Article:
3. Remove Sod with Heavy Equipment, Then Till

This method is a hybrid of the first two methods. Removing the sod before tilling prevents grass from growing back and allows you to plant your garden immediately.

To get started, rent a sod-cutter and a heavy-duty rototiller from a farm or hardware store. Or, if you’re planning a large bed, consider hiring a landscaper to do the sod-cutting step because rolled-up strips of sod can be extremely heavy.

Use the sod-cutter to remove the sod. If you lose a lot of topsoil during the process, you can replace it with topsoil attained from your local garden store or landscaper. Layer topsoil, compost, and any other soil amendment over the exposed ground. Next, incorporate the new topsoil and amendments into the soil with the tiller.

Although removing the sod before tilling will cut back on future weeding by preventing grass from growing back, tilling might still bring weed seeds to the surface.

Pros: Quicker and easier than digging; prevents grass from growing back; permits immediate planting.

Cons: Renting heavy equipment and replacing topsoil can be expensive; tillers don’t work well on rocky sites, in wet soil, or in clay soil; tilling propagates weeds and disrupts soil structure.

(Image courtesy of elvisripley via a Creative Commons license.)

Up Next: Smother the Sod with Lasagna

5 comments
  1. travis

    if you strip the sod properly, you really shouldn’t lose much topsoil at all. no more than an inch (if that) of the root systems, soil, etc.. should be taken. anymore than that and the sod strips are way too heavy and also very messy. if you only had an inch of topsoil in the first place, you probably live in a brand new subdivision and needed to add some more anyway.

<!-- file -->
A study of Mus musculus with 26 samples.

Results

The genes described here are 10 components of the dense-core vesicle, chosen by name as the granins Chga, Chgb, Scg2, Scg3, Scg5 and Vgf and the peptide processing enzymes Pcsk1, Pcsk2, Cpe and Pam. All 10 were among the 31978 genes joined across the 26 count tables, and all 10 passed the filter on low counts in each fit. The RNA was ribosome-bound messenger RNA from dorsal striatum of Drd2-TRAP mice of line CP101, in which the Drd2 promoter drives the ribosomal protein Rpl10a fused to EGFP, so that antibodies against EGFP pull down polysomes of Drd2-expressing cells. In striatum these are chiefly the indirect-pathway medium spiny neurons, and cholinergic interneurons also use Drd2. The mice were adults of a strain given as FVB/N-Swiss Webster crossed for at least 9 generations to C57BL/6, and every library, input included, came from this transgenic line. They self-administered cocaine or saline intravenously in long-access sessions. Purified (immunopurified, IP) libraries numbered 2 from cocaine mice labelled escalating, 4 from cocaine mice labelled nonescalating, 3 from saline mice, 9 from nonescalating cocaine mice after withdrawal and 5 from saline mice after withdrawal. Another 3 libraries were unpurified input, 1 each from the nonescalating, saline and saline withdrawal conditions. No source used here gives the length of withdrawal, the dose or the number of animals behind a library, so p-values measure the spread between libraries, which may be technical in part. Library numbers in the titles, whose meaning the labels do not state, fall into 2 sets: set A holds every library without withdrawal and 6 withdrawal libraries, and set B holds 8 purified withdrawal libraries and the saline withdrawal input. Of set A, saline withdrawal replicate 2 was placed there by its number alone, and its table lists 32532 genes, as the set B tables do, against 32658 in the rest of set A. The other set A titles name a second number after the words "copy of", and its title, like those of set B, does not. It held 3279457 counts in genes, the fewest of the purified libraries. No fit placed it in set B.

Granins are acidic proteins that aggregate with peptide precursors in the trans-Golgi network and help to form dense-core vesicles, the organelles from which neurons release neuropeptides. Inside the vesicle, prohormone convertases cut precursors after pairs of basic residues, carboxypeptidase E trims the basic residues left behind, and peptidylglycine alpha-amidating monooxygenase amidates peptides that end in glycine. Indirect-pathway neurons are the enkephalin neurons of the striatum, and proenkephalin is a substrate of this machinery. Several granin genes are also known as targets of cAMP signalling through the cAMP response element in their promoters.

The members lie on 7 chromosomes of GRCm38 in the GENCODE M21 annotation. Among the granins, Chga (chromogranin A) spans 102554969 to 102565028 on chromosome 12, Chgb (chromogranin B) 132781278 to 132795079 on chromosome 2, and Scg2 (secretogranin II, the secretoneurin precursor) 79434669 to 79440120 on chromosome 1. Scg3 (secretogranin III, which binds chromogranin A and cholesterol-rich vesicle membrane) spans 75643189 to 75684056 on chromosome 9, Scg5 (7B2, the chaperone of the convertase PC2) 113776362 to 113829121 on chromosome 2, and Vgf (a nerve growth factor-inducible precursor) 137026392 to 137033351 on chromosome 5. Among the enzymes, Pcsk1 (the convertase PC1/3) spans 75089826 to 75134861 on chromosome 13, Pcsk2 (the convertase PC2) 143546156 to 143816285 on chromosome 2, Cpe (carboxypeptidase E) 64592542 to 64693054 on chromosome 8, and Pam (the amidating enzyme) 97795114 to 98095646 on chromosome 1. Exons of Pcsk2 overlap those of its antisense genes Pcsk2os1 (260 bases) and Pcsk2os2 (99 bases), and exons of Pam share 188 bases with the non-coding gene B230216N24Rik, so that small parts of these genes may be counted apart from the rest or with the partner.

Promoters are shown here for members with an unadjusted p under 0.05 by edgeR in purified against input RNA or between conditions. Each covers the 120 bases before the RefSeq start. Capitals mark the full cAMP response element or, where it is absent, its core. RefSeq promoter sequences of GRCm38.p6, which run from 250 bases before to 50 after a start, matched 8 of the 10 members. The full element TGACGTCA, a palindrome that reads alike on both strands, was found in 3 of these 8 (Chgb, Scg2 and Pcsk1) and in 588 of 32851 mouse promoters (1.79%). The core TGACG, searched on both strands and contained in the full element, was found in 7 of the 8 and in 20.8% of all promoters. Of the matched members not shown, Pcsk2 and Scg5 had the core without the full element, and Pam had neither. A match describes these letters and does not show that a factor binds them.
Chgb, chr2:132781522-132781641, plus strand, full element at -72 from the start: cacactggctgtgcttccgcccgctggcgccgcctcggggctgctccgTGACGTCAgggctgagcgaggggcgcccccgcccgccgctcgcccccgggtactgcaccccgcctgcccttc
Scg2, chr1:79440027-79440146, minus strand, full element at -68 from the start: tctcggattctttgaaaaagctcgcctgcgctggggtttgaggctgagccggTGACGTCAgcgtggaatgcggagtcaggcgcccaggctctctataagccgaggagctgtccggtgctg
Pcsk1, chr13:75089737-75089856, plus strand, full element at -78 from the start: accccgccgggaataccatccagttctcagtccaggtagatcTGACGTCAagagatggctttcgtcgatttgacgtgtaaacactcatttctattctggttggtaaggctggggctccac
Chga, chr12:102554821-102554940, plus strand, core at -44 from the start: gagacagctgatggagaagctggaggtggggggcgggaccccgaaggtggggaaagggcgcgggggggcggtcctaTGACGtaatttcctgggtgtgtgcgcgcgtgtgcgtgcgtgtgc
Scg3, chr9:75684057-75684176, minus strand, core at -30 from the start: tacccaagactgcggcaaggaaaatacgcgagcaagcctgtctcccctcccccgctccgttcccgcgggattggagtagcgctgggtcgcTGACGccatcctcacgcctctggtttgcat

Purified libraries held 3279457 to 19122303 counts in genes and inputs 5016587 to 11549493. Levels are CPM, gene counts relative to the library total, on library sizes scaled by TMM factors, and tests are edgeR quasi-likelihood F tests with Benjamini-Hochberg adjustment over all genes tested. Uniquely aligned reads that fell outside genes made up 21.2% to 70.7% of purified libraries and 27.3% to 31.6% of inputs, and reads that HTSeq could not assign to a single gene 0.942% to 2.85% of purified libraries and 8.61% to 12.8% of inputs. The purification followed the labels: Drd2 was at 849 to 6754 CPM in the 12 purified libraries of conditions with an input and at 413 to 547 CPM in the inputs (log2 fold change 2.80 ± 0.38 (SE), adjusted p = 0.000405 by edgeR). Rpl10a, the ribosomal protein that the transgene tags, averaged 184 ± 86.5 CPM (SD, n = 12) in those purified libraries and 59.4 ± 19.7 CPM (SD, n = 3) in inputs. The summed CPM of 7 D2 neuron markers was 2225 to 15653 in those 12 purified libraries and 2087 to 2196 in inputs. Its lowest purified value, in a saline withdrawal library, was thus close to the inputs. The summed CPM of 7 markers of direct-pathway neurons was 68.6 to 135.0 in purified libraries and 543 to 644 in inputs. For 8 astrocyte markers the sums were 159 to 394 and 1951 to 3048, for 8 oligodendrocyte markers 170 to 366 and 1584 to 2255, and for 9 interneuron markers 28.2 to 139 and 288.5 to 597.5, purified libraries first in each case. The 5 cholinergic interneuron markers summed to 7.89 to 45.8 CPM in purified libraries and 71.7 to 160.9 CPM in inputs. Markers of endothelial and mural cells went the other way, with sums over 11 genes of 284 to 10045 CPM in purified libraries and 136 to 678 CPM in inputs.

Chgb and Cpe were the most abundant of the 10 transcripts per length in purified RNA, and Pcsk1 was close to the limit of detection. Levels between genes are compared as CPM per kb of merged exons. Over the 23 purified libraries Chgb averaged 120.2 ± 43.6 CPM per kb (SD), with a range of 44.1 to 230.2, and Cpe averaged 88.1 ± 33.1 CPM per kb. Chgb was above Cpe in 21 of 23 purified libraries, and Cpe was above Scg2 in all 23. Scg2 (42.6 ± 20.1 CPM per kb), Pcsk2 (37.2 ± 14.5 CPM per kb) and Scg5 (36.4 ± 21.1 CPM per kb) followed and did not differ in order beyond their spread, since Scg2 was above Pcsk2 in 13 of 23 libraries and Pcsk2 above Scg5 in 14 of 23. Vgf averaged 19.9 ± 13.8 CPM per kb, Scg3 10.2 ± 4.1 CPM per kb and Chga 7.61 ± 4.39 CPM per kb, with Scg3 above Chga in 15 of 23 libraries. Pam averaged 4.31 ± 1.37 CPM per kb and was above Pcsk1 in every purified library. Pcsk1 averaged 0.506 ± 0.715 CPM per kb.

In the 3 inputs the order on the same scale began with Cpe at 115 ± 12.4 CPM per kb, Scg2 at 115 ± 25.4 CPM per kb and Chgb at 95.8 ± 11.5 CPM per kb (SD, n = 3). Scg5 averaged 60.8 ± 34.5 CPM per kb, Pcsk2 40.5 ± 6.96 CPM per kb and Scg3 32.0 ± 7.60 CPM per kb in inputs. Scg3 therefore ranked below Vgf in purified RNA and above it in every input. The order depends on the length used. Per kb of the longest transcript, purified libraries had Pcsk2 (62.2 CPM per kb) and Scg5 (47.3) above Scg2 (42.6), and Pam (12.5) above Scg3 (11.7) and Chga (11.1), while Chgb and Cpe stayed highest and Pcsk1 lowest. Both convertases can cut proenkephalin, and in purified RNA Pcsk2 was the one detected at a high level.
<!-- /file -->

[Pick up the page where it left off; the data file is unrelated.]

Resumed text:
important note….before using a mechanized sod stripper, do a very thorough check of your garden area for bunnies that might be nesting. they will not get out of the way of the stripper and the cutting blade will kill them. hound dogs are, of course, the suggested tool for spotting these hard to see nests. if you find a nest, wait a week or so for them to grow up and leave.

  2. Urban Artichoke

    Hi Rachel,
    I envy that you have lots of land for your garden! I grow food at my suburban home, but we manage to have a great supply of veggies and fruit after taking out the lawn in the front and back yards.
    You may want to plant a cover crop such as red clover or alfalfa wherever you are not putting in beds, as they bring up nutrients from the soil and can be used as “green manure” to prepare your soil for the future.
    I tried sheet composting at our home this fall- knocking down weeds at the sides of our house then layering cardboard, newspaper and green material, finished with some soil on top. It is turning into a beautiful composted strip to plant in (takes a few months). This may be too difficult on large spaces, but you may want to try it in some spots- don’t have to dig!

    Happy gardening
    Patricia
    Urban Artichoke

    1. maureen powers

      I assisted many years ago the head of the Tilth Society in Portland and her ecological sustainable use of newspapers and wood chips was miraculous. Lay the papers, first,then lay over the wood chips, dig into that day and plant trees, bushes, or perennials and nature does it’s work breaking down the weeds, brambles, black berries, ivy,and lawn. Who would ever want to dig all that sod up and do what with it It is full of nuturients. It will decompose by cutting it off from the sun and the hotter the area the faster this occurs. I grant you – one might would have to wait till the next year to start a vegetable garden.